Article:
A new generation is ditching the office job and taking up direct selling. The ease of social-media networking and the desire for a better work-life balance make it a more appealing career for many women.

That's what attracted Amanda Lise. After trying a product from It Works!, which specializes in contouring wraps and health products, she signed up to be a direct-sales distributor for the company.

Ms. Lise had just moved to Cambridge, Ont., and was looking for a new opportunity.


According to the Direct Sellers Association of Canada, this country has more than 880,000 direct sellers, 91 per cent of them women. Avon and Tupperware are household names, but about 42 per cent of Canadians made purchases from up to 75 other direct-sales companies in Canada, which racked up more than $2-billion in sales in 2014.

Traci Costa's Peekaboo Beans is among them. As a new mom, Ms. Costa was frustrated by the lack of quality children's clothing. In 2006, after 10 years in investment banking, she began selling high-quality kids clothes with features such as easy-to-use zippers and no-drawstring hoodies to more than 100 boutiques across Canada. When the recession hit and those stores went out of business, she switched to direct sales. Her goal was to sign up 10 sales consultants by the end of 2011. She ended up with 175 – and a waiting list.

Today, Peekaboo Beans has more than 1,000 reps across Canada and has paid out $2-million in commission. The company is also poised to be listed on the TSX this summer.

"It is such a powerful model. A tribe of like-minded women who are passionate about their children and passionate about their product. We have an amazing product, but we also create an environment where we are empowering women," Ms. Costa, 44, said.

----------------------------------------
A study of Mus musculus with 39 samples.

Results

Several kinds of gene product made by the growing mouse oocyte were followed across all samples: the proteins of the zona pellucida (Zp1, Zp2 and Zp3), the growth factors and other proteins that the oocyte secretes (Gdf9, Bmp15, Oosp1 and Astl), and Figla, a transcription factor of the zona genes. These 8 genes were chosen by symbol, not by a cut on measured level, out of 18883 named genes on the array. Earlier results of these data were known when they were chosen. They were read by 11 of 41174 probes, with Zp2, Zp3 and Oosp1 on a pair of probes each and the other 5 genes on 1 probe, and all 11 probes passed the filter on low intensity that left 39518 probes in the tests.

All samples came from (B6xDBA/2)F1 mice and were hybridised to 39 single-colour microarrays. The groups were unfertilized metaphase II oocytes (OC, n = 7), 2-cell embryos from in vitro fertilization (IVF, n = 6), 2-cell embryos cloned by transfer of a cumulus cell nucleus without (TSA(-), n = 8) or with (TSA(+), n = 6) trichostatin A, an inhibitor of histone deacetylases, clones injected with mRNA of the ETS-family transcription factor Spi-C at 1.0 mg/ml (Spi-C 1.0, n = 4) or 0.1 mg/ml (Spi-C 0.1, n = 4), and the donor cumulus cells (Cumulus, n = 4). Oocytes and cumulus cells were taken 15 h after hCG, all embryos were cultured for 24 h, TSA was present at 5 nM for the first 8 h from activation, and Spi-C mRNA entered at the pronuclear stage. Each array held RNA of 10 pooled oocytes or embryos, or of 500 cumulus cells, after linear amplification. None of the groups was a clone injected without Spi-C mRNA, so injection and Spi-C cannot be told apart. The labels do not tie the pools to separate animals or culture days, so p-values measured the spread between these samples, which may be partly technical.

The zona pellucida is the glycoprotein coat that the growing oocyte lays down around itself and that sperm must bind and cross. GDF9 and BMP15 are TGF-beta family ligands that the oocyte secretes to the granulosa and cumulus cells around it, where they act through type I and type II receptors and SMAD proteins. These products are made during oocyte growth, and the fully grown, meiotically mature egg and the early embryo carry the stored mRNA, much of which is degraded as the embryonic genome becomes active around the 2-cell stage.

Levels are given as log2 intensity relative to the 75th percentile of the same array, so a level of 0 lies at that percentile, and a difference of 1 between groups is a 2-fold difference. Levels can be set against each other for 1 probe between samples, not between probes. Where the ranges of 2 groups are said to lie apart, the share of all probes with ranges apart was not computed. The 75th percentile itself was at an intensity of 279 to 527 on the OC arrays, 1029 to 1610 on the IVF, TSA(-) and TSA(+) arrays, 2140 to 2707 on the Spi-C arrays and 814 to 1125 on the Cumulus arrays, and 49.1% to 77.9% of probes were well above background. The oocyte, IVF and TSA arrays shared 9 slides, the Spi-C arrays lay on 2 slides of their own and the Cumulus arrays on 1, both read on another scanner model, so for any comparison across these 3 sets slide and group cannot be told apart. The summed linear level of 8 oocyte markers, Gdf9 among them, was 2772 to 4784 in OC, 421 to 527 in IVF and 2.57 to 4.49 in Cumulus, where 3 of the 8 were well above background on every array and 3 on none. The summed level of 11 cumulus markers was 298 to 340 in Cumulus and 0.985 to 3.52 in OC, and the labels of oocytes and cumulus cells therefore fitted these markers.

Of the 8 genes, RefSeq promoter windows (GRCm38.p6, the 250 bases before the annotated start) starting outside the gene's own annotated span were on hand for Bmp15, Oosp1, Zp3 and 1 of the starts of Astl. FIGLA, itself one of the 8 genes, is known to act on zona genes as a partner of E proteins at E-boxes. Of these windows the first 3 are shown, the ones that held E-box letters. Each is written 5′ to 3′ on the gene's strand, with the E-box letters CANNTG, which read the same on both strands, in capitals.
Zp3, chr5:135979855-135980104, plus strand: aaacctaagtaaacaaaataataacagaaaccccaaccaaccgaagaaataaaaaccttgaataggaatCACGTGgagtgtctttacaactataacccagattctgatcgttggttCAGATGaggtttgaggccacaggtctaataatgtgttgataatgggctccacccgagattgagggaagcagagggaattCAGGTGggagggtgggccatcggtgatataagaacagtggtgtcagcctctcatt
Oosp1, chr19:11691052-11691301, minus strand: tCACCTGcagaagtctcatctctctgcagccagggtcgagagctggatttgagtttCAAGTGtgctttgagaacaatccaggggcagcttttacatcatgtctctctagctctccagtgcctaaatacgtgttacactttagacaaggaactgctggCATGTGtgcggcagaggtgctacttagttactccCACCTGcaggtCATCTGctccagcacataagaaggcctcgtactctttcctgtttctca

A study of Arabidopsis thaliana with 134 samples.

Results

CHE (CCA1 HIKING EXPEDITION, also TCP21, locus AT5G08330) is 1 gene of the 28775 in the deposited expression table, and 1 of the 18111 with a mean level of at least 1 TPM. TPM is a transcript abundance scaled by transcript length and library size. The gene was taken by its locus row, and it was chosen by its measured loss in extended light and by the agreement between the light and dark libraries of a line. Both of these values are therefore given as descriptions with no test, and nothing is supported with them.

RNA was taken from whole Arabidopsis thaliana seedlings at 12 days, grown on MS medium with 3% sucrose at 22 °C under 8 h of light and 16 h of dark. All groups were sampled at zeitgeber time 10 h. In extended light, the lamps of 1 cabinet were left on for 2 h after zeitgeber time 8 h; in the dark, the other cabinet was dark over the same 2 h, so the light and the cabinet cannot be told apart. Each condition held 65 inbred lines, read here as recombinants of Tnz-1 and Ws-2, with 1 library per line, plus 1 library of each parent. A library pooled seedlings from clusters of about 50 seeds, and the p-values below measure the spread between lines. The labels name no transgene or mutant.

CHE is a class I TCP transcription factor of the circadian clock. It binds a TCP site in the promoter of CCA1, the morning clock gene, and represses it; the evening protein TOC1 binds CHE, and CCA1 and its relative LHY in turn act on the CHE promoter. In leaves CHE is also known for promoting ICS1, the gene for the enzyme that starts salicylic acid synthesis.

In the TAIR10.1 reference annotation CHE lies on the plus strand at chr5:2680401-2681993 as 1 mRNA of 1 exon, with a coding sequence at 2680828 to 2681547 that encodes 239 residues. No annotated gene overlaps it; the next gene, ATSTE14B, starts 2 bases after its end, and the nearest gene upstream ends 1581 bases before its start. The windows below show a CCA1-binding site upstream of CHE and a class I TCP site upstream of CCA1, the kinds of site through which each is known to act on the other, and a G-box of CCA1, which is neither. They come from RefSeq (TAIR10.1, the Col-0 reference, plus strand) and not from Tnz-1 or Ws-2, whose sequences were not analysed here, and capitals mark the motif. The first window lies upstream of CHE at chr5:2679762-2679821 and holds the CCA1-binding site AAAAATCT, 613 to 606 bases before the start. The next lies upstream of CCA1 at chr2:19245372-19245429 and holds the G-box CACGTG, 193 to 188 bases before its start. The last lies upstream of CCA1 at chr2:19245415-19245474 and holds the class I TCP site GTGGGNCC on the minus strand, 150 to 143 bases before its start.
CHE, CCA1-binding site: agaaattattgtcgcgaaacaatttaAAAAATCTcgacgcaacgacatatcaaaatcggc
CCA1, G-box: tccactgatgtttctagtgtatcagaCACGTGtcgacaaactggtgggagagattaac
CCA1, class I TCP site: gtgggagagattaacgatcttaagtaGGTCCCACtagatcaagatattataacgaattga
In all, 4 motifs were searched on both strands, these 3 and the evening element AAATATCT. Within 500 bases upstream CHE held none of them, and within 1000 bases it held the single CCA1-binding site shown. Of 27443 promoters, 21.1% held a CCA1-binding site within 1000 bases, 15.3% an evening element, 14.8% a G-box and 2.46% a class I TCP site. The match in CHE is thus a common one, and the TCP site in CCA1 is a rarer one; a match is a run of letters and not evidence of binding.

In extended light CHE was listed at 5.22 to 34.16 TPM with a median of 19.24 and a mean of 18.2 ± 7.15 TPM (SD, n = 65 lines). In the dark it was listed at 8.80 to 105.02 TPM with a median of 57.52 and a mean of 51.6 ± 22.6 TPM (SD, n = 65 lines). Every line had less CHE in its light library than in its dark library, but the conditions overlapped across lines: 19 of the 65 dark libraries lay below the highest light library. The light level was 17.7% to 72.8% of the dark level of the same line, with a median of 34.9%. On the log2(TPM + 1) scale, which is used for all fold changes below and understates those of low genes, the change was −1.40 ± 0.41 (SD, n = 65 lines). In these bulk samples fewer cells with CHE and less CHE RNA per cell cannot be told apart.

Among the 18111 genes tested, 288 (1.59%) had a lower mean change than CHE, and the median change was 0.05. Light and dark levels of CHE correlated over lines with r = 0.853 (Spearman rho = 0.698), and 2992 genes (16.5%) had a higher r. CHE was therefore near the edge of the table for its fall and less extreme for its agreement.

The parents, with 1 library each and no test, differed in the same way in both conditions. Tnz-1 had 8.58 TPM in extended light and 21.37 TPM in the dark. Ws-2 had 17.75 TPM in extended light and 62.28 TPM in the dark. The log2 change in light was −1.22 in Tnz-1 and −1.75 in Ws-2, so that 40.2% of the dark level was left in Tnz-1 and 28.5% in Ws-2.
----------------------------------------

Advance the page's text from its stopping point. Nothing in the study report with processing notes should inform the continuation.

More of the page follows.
The South Surrey, B.C., mother of two said the way people buy goods is changing. Social networks make it much easier for shoppers and sellers to find each other. "It is more about social selling, networking and brand loyalty. Instead of going to the mall, have a play date. The kids can play, and you have coffee and shop. It makes more sense," Ms. Costa said.

Peekaboo Beans sales consultants, which the company calls "play stylists," sign up under a coach and pay $199 for a starter kit. Commission is between 15 per cent and 25 per cent, depending on your earnings. The goal is $2,400 a month, which puts you in the 35-per-cent bracket. Stylists are also compensated for being a coach and building their team.


It Works! distributors pay $158 for a starter kit and can land bonuses between $500 and $10,000 for building their team. They earn commission from team building and loyal customers, and cash from sales of body contouring wraps or energy drinks.

But there are challenges, Ms. Lise admits.

"No one wants to buy health products during Christmas. But after the New Year, everyone is concerned about their health. So there are up and down times. You need to be motivated and put work in consistently," she said.

Many people also associate direct sales with pyramid schemes – companies that force sellers to purchase many products with the promise of earnings down the road or new recruits who end up funding the earlier investors.

"I wish people would get over the stigma of it being a scam," Ms. Lise said. "If they get past that, they see a bunch of amazing people and really kick-ass products."


Ms. Jahshan, 42, had discovered a product she was passionate about, and with a background in marketing and sales, she founded Hamilton-based Steeped Tea.

Today, Steeped Tea has almost 9,000 consultants in North America and annual sales of more than $20-million. Consultants earn commissions between 25 per cent and 39 per cent. Last year, the top seller earned $120,000.

"Life is supershort," Ms. Lise said. "We wake up in the morning and most people go to work all day – for someone else – and have an hour with kids and family, clean the house, go to sleep, wake up and repeat. At some point, they think, 'There has to be more than this.' I like to tell people that there is."